After her fullest peek beamed into the November night sky, the moon slowly begins her waning process this week, rotating herself once more around our planet earth. I too find myself eager to begin this new lunar cycle, but even more so, find myself grateful that this last cycle is over with! Although I feel blessed that my menstrual flow has typically follows the cycle of the moon (about every 28 days), this may have been one of the worst menstruation periods I have had all year long. The fatigue, nausea, loss of appetite, and the cramping, dear Lord, the cramping! As a wild-crafter, I have searched for years for the best herbal remedies to set my pains at ease. Whereas I still believe the right plant is out there waiting for me to find it, here are some of my menstruation “go to” herbs that most certainly help my pains and energy levels during that time of the month.
Chaste tree berry, (Vitex agnus-castus), has an incredible normalizing effect on our reproductive hormones: estrogen and progesterone. Functional disorders of our menstrual cycles are often considered a sign of hormonal imbalance. Official testing can be done by consulting your family OBGYN or midwife. Estrogen tends to dominate after our luteal phase begins, which is the 14 days after our ovulation period has ended. Some of the active compounds found in Chaste tree, seem to act directly on our pituitary gland. It acts by, “inhibiting the secretion of follicle stimulating hormone (FSH) and promoting the secretion of luteinizing hormone (LH) 1 Chasteberry’s apparent stimulatory effect on LH leads to an increase in progesterone, which may normalize the balance between estrogen and progesterone” (Mayo, 1998). Be aware, for those of you who are able to conceive, this also aides in our own fertility. For cycle support, this tincture can be consumed throughout the month, about 20-30 drops twice a day. Often, I only take it a week prior, but many herbalists recommend taking it every day.
If LH levels are too high, and you are struggling with too much progesterone, Black Cohosh may be able to bring you back into balance. This woodland medicinal is often used to treat menopausal symptoms and is also utilized to ease the cramping during menstruation. Various aromatic acids found in the herb act as an anti-inflammatory.
For the serious pains, try Black Haw and/or Cramp Bark (both are found in the Viburnum family, and can be utilized interchangeably). These trusty herbs act as a uterine antispasmodic, and can be used several days before menstruation to prevent the onset of nasty cramping. I take Black Haw several times a day during my cycle, and find it to work best for my pains.
Lastly, for those of you who experience nightly woes and need to fall asleep, Valerian Root is the way to go. Mix about 15-20 drops of this tincture with 2 tablespoon of water, and you will be sleeping in no time. Usually, I take about 30 drops of Black Haw, with 30 drops of Chaste Berry; and mix it all with the Valerian root. I soon find myself sleeping within minutes, pain free and at ease with menstruation frustration. For an added energy boost, try 1 milliliter of ginseng tincture with 30 drops of gingko leaf, 2 times a day during your cycle. Be sure to look for ethically grown ginseng and goldenseal, as both of these woodland medicinals can be harvested before they are ready. Soon, Zoe farms will be able to offer both, and we will definitely provide adequate care for its growth and its sustainability as a species.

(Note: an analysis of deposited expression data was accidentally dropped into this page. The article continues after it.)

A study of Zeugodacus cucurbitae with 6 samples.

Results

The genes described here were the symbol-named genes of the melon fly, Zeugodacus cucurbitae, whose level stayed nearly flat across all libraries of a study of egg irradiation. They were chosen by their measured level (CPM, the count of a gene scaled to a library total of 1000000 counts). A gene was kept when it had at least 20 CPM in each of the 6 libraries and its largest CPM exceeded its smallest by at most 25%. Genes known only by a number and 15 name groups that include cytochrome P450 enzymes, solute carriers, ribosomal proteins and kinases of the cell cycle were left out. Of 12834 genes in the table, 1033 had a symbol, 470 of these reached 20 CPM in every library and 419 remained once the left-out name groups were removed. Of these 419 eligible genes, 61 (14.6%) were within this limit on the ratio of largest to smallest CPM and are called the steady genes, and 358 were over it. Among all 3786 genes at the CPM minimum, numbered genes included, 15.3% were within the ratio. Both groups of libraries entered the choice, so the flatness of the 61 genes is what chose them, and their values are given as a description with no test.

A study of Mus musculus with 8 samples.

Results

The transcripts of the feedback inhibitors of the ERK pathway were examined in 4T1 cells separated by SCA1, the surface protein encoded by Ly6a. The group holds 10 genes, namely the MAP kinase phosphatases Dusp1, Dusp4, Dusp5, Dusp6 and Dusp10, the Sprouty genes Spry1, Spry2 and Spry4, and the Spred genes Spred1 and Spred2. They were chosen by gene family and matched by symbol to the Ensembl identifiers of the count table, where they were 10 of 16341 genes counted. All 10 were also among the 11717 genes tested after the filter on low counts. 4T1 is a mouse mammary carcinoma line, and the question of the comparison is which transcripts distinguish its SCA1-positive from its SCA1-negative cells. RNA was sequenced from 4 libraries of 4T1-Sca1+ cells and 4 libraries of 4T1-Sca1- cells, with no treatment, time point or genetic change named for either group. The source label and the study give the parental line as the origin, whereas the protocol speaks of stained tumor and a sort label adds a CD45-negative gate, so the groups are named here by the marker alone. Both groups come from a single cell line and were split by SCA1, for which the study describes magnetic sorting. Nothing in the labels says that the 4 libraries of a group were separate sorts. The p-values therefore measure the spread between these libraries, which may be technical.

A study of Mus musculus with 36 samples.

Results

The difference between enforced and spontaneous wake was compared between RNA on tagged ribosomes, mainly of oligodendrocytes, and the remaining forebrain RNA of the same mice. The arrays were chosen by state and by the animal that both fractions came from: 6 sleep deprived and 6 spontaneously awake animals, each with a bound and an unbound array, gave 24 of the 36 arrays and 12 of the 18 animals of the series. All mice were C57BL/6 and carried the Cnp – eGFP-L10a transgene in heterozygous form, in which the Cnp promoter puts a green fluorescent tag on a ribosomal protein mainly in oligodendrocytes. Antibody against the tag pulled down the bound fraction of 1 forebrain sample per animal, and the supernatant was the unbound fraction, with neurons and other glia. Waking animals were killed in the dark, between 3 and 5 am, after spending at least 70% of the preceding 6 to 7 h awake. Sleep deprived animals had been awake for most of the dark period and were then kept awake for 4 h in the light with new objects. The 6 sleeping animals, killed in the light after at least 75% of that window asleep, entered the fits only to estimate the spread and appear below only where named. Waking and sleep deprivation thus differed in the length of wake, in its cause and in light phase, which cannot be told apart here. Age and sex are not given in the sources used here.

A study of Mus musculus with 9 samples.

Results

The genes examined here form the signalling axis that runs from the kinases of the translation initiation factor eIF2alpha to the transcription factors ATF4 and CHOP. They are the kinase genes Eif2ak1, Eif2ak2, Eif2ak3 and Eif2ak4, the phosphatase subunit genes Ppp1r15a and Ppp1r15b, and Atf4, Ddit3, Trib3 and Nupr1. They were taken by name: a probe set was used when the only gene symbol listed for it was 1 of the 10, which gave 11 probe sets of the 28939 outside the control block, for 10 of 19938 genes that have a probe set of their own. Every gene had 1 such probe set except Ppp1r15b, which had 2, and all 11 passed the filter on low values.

Drink lots of water, and consume good amounts of fiber, protein and high iron foods (especially if your flow consists of heavy bleeding). Dark leafy greens and lean meats for your main meals, and small protein packed foods like nuts and a tablespoon of peanut butter are also helpful to ward off energy drops and sugar cravings. High amounts of magnesium should be taken before menstruation begins to ease pains and improve the overall function of your thyroid. Food grade Diatomaceous Earth is mega high in magnesium, and has a variety of other beneficial trace minerals. However, this will dehydrate you! Be sure to drink plenty of water.
Remain as active as you can, but don’t forget to rest. Research does support that physical activity and adequate sleep can help with energy levels and cramping during our cycles. I have found several yoga moves that work great for me during painful spurts (child pose while swaying hips), and I am grateful to have an incredible partner who often rubs my hips, thighs, and pelvis, as they tend to be the more sensitive and sore parts of my body during my cycle.
Every woman is different, and as I mentioned before, my last cycle was so bad that it seemed as though nothing would work! This does happen for sure. There are also many women out there that feel little to no pain, whatsoever. No two people are the same, and there is no need to compare yourself to anyone. You are not crazy, and your feelings are valid. If you think something may be wrong with your cycles, get to someone who can help. There may be a more serious problem happening that only a professional can check and address.
I do hope that you find these remedies helpful! This is certainly a topic I could go on and on about. May we all embrace our bodies’ natural rhythm, and reclaim our cycle as an important and beautiful part of our lives.